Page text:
Sunday, 23 April 2017

Museum holiday

     Following Easter, I needed a little break, so Beth and I took the train from London to Ottawa to have our first holiday as a couple since... well, since we had children! Our holidays had always been family ones and lately, included campfires, canvas tents, gun powder, and reenactments.
     Although I going to eventually focus on one particular museum, we did visit three in all and has a number of wonderful meals.
At an Irish pub in Ottawa...
Shepherd's Pie with Guinness gravy for the lady,
Spicy curry chicken for her escort.
Oh, so good!

Perfectly poured

Thoroughly enjoyed

A "Beaver-Dog" at the Canadian Museum of History in Gateneau.
A hot dog wrapped in beavertail dough and deep fired.
Beth loved it!

Meanwhile, I had pulled pork poutine and we split a chocolate croissant.
At the Museum of Nature, I was enamored with the blue whale skeleton on display. I was awed by the immensity. The skeleton is over 90% complete, with replacement parts for lost dorsal fins. The whale encountered a ship or so it seems.
An amazing sight.

... from any angle.

The grey-ish vertebrae is a moulded replica of a lost piece of the skeleton.

Self-explanatory... obviously.

The outline on the floor of the size of the tail fluke which held no bones.
There were also... DINOSAURS! Little else in the world will reduce me to a Grade 3 boy than dinosaurs!
Even the shadows are impressive.

Sea-going beasties

Horns and frills for defense

One of the duck-bill clan.

A carnivore from South America - the ONLY replica on display.
All the others are the real thing, actual fossils.

Another top-of-the-line Alpha carnivore.
I can't remember all the names and so many new names have been coined, that I
can't keep up.
A massive sea-turtle
More contemporary displays were available as well... and some prehistoric mammals. 

A diorama of very small mammals of the distant past.

Brontotherium? Megatherium? Can't remember whichium.

The male and a calf

the female
Carnivorous boar or a fevered nightmare

Outside, a mastodon model is on display.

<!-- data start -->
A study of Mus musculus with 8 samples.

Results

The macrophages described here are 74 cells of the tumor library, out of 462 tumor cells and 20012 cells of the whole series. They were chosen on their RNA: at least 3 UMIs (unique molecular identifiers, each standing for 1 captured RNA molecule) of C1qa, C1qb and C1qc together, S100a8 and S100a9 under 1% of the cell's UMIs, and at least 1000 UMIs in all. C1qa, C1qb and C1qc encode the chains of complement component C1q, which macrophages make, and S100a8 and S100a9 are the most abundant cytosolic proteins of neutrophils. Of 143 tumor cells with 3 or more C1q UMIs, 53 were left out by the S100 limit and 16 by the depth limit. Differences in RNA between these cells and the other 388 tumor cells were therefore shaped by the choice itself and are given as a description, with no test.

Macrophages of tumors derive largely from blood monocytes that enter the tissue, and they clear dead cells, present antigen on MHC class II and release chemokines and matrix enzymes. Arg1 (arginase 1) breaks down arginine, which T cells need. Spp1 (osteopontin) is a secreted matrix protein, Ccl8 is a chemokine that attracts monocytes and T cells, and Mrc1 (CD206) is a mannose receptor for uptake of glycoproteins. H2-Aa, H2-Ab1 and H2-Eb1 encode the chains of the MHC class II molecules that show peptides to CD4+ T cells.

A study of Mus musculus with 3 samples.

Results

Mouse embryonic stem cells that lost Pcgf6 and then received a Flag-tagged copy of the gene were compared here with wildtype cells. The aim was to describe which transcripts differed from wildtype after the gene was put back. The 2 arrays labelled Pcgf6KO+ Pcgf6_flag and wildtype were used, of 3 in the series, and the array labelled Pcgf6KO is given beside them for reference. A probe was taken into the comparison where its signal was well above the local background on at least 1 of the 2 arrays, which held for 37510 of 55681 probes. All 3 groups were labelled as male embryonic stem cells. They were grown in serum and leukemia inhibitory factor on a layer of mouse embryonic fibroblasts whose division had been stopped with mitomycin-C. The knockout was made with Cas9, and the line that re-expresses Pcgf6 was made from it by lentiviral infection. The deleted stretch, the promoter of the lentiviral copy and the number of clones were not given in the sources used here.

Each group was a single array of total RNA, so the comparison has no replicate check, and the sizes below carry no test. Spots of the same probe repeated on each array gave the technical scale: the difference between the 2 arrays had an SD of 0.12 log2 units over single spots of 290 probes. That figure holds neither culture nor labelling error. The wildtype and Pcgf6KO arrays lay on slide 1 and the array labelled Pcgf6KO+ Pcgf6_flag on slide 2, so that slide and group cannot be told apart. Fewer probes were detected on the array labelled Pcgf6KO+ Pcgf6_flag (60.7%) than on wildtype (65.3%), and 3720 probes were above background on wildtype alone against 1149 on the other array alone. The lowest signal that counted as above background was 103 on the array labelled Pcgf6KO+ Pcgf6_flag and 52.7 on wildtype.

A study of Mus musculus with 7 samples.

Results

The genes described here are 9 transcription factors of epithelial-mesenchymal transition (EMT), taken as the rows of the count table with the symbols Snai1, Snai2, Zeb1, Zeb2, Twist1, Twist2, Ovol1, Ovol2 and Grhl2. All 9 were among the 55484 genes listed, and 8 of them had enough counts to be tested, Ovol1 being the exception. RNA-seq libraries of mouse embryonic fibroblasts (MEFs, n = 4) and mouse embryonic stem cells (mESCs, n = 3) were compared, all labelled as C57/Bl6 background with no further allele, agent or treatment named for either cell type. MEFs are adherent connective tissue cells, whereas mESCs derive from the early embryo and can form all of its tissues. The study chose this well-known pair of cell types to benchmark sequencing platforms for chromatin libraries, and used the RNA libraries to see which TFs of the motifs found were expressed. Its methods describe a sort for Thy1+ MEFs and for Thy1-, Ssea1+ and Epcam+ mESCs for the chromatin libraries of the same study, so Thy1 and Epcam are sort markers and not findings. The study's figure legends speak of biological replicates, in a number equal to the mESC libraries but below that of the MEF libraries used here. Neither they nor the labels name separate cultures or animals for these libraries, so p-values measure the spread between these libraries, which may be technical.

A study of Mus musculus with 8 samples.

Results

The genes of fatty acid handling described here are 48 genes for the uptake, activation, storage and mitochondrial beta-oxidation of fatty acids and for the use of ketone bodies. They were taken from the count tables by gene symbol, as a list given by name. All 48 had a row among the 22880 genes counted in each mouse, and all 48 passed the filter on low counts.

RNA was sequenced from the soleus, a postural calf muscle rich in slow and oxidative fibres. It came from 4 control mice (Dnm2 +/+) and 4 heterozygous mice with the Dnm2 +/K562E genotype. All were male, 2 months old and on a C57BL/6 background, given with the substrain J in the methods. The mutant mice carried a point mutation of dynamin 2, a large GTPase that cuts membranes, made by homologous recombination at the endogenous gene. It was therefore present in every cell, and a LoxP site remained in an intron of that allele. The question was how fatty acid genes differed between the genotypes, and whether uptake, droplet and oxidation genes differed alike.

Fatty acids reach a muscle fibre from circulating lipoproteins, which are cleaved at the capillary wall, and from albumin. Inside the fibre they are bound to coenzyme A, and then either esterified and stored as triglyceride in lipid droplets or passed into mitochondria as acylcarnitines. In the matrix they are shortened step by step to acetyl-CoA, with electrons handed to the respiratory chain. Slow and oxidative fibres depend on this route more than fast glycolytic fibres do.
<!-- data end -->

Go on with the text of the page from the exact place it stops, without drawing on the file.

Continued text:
The museum building is a gem in and of itself.
Beth took this photo from our hotel room, which was literally around the corner.

The main entryway.
This was once the Parliament building when the original building was
destroyed by fire.

Looking up from the entryway.
Some iconic Canadian wildlife in diorama - beavers






Mountain goats

Prong-horn antelope

Not Canadian!
This is an actual skull of platypus put on display for comparison to other small skulls.
I'd never seen one before and I had to take a photo. 

We spent an afternoon at the Canadian Museum of History across the river in Gateneau, Quebec. It is quite a place to visit.
Parliament Hill in Ottawa from the Quebec side.

A walking trail at the Museum of History

Steps to the walking trail on the river front

A "transformation mask" from one of the First Nations on the west coast.

The museum has an incredibly impressive collection of totem poles
displayed in the main hall.

The explanation is below.

One of the most beautiful Transformation Masks there.

The colourful face which is revealed during the dance as the outer mask unfolds.

The Spirit of Haida - with many traditional figures and symbols of that people.

Another beautiful painting from the far West.

Beautiful weaving

The Haida canoe from a different perspective.

Faces... faces and symbols... and stories retold.

The Museum itself is something to see.
And wisdom to be remembered.
Why am I fascinated by Quebec's traffic lights? Two reds!

In downtown Ottawa, this stand was open and doing a brisk business.
Sad to say, we were too full to indulge.
(Really, they're a flat dough patty coated in sugar and cinnamon and deep-fried.)

Private joke. I minister to a congregation in Aylmer (Ontario)
and this STO bus is going to Aylmer (Quebec).
Even on holiday, I can't get away from Aylmer!! 
We visited the Canadian War Museum, but deserves an entry of it's own. I know more than a few of the blogs I follow do museum expositions, so I did as well. For those interested in the more military entries, wait for these words: Brock's coatee... T-34/85... squeeze-bore...


  1. Beautiful pictures! A Museum trip is a great choice. The is an aeronautical and space museum in Ottawa that has the only remaining WW1 German AEG GIV bomber. Will have to check that out myself. I must add that the painting above is by Norval Morriseau, who was from Ontario! Sounds like a great trip, even if you missed the Beaver Tails. There is also a single malt scotch bar in Bytown Market. But that has it's own inherent dangers.

    1. Thanks for the compliment. Beth took most of the photos. We wanted to go to the Aeronautical and Space Museum, but it was closed on the day we wanted to go. So we went to the Museum of Nature instead. We had our Guinness in Bytown; I'm afraid that Scotch is not a draw for me. My loss, I suppose.